Simon Johnson: Nationalization for Beginners

The last video I posted introduced a professor in MIT, Simon Johnson, who I thought was brilliant in the lecture. (He’s the type I wouldn’t mind, and perhaps look forward to, going to school for.) He maintains a blog called The Baseline Scenario (find link on the sidebar) and today, he laid out well five possible definitions of nationalization and distinguished between what is currently being feared by the markets and what may in fact be in the heads of its proponents.

1. Owning more than 50% of the bank, by which people typically mean owning more than 50% of the common equity, but he argues this depends on whether the (stock) ownership comes with voting rights or not

2. Consolidating the bank onto the government balance sheet, which happens once the government owns 80% of the bank (and as a result, takes over the debt of the institution as well)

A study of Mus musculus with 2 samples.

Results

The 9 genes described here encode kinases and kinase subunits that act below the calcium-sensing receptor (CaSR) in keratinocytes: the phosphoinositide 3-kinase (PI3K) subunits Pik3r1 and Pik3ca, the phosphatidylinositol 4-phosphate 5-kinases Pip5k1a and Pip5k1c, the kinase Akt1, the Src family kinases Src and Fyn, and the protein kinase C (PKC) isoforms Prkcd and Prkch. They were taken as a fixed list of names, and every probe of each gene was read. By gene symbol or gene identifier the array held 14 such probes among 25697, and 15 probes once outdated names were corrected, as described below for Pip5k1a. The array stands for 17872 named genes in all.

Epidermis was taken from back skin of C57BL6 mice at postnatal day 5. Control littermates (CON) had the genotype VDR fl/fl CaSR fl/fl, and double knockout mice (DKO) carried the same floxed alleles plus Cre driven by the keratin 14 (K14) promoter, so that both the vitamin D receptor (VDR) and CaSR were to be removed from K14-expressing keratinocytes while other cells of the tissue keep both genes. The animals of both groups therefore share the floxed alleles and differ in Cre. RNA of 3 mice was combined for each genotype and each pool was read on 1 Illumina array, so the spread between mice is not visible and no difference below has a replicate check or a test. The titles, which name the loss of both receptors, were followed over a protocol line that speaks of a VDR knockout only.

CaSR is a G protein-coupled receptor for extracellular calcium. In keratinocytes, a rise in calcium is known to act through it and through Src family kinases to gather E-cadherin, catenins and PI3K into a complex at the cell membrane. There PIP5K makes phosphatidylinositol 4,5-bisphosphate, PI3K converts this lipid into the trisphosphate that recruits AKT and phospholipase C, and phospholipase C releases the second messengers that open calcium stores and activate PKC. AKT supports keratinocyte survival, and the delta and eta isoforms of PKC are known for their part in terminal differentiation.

3. Turning the bank into a government agency – this is when the government actually controls the activities of banks, which is what he and free marketers don’t want

4. FDIC-style conservatorship, which according to him is what the proponents of nationalization have in mind. He further describes:

The bank itself is shut down and its assets are transferred to a new entity controlled by the FDIC. The FDIC attempts to maximize the value of these assets, typically by selling them to another bank or banks. From the customers’ standpoint, little changes during this period: the branches, ATM machines, web site, and so on remain in operation during the transition, except that customer may not be able to withdraw amounts above the insurance limits.

5. System-level nationalization – so it doesn’t lose its meaning, straight up from the blog:

[T]he government is where the money comes from, and the government decides on a high level where it goes, through capital injections, loans, and securities purchases. And the government bears the vast majority of the risk. The net result is we have a semi-nationalized banking system largely made up of some very sick but private banks.

Find the rest of the entry (and start following him, too) here.